While giving the nod for the setting up NCLT, the SC, however, underlined the importance of maintaining its judicial flavour, and suggested changes in the structure of the tribunal for this.
NCLT would help expedite the approval process for M&As in the private sector, a function of high courts. The tribunal would also allow timely unlocking of the value of distressed corporate assets, as it would take over the process of liquidation of companies, now performed by official liquidators attached to high courts.
According to World Bank, liquidation of assets in India fetches the investor just 16 cents against a dollar invested, whereas the average return is 65-70 cents in Japan and 35-40 cents in most European countries. Further, it takes about 12 years to liquidate a company in India, via the lengthy and cumbersome process involving the BIFR, the appellate authority over it, and the high courts.
In contrast, most developed countries are able to complete the winding-up of companies 1-3 years.
A five-member Constitutional bench headed by outgoing Chief Justice KG Balakrishnan upheld the validity of the 2002 amendment, but said the proposed tribunal should be headed by a retired high court judge, who and other members would be appointed by a committee headed by the Chief Justice of India. The original proposal was for the government to appoint the chairman -- who need not be a judge -- and other members, from various technical disciplines. In its ruling, the SC has warned against the tribunalisation of justice system and executive and technical members having a dominant role in a quasi-judicial body. The judiciary should be a key part of the process and should be in majority, it said.
The legal fraternity welcomed the SCs balancing act. The community of professionals like chartered accountants and company secretaries who were ardent supporters of the NCLT model too reacted positively. The government, however, responded with caution. Said secretary-corporate affairs, R Bandyopadhyay: We are wary about the Supreme Courts decision. The court has also suggested some changes. We have to study their actual implications and on the basis of that, would adopt the shortest possible legally valid course to set up the NCLT. We need to see if we are required to go back to Parliament or whether the suggestions could be implemented administratively.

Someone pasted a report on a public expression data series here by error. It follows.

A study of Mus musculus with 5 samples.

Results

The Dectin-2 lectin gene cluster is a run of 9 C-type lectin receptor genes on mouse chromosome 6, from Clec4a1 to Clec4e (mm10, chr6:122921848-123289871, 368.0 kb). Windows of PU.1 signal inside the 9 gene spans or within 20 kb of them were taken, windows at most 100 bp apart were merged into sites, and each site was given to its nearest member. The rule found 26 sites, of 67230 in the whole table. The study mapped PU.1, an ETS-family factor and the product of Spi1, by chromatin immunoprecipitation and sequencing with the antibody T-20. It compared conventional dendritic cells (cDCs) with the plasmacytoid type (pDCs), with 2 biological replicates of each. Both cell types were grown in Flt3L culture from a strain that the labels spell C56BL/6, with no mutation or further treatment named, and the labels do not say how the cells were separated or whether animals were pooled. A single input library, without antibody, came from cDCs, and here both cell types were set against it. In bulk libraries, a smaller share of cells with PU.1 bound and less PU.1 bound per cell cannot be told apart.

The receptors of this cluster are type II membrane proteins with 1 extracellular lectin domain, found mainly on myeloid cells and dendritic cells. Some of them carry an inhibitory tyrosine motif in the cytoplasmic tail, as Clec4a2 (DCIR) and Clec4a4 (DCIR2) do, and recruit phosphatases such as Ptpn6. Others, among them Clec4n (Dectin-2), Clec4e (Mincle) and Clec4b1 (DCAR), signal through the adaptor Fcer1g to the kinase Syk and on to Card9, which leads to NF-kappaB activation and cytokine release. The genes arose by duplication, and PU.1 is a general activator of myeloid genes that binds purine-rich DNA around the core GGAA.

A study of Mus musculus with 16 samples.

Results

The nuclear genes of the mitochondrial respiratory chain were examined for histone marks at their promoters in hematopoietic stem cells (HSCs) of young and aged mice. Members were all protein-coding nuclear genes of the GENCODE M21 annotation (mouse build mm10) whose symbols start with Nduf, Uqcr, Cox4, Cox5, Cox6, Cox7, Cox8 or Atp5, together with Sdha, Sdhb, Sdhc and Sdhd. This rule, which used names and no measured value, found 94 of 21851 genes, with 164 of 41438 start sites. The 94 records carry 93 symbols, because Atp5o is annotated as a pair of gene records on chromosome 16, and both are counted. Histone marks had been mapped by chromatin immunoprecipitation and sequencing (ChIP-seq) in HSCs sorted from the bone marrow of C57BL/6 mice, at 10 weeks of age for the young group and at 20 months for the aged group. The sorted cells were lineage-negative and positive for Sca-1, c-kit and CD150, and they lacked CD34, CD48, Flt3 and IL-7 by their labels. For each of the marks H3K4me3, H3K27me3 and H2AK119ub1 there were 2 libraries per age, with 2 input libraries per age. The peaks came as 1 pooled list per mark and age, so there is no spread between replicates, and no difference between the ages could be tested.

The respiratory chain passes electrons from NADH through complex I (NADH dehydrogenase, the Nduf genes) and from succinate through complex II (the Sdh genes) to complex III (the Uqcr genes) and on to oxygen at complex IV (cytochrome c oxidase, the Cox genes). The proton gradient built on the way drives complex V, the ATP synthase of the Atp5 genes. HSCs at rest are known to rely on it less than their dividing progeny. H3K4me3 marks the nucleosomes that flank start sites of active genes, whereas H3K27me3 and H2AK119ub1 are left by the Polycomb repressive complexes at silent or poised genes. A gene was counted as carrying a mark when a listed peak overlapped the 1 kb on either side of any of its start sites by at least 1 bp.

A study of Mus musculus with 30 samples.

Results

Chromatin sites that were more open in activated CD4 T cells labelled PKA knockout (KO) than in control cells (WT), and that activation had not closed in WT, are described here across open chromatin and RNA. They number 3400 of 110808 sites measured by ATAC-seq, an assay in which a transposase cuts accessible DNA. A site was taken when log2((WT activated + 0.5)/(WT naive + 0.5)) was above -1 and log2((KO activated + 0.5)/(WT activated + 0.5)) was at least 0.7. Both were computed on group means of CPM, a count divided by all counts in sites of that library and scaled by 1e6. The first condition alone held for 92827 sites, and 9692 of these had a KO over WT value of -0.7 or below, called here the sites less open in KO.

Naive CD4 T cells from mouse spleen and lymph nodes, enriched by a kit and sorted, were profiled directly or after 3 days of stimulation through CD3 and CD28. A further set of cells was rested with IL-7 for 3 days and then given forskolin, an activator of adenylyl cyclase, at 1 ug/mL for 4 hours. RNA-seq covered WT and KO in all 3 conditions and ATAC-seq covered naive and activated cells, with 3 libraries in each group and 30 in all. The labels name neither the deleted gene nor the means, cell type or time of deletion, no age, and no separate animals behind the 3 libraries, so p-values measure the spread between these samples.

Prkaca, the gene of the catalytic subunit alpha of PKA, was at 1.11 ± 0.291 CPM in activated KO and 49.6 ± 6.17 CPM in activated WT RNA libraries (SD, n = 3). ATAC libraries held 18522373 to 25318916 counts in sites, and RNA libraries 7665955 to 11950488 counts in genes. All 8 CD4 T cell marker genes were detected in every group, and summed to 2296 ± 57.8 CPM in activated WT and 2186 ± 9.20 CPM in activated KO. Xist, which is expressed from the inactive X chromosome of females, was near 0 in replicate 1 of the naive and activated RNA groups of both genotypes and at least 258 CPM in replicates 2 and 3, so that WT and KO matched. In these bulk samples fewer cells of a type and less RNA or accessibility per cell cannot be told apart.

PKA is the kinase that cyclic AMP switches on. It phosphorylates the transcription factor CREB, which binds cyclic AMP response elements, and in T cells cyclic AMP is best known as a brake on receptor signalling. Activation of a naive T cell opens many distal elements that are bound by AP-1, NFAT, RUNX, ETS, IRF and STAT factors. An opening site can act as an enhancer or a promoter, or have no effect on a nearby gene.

The secretary said it is difficult to say how much time it might take to make NCLT fully functional, but expressed confidence that it could happen in less than a year.
Says Preeti Malhotra, former president of ICSI: It is a landmark judgement for corporate India and professionals. It will speed up various corporate processes such as M&As, restructuring, dispute resolution and liquidation. The NCLT framework recognises that speed is of essence. By the time NCLT is set up and becomes functional, which might take a year, the new Companies Bill may also get passed in Parliament. Both will synchronise well.
Senior lawyer Abhishek Manu Singhvi said: We hope and trust that the SC ruling will pave way for expeditious setting up of the tribunal. Said senior corporate lawyer Harish Salve: The SC has done a balancing act by ruling that specialised tribunals should not lose judicial flavour. The members cant be retired civil servants but has to be from the judicial fora.
The apex court said the NCLT chairman and members should have a tenure of 5 to 7 years instead of 3 years proposed earlier. Under the 2002 Act, the members of the tribunal were to be appointed by the central government and the head of the tribunal need not be a judge.
Apprehending that too many technical members would erode the independence of the judiciary, the SC further said that high court or district judges with a minimum experience of 5 years and advocates with 10 years of standing practice only should be appointed as judicial members. Besides, experts from different fields like science and technology, industrial management, etc are eligible to become technical members, it added. The 2002 amendment to the Companies Act had envisaged setting up of NCLT and an appellate tribunal over it.
The NCLT would replace the CLB for resolving corporate disputes, particularly regarding mismanagement and oppression. It would also facilitate speedier resolution of bankruptcy filings by companies. To ensure that restructure and liquidation proceedings are in sync with the times, the government introduced a new bankruptcy and restructuring code in the new Companies Bill 2009, which is now before Parliament. The code would ensure reasonable opportunity for rehabilitation of a business before a decision is taken to liquidate it. The idea is to incentivise genuine restructuring efforts.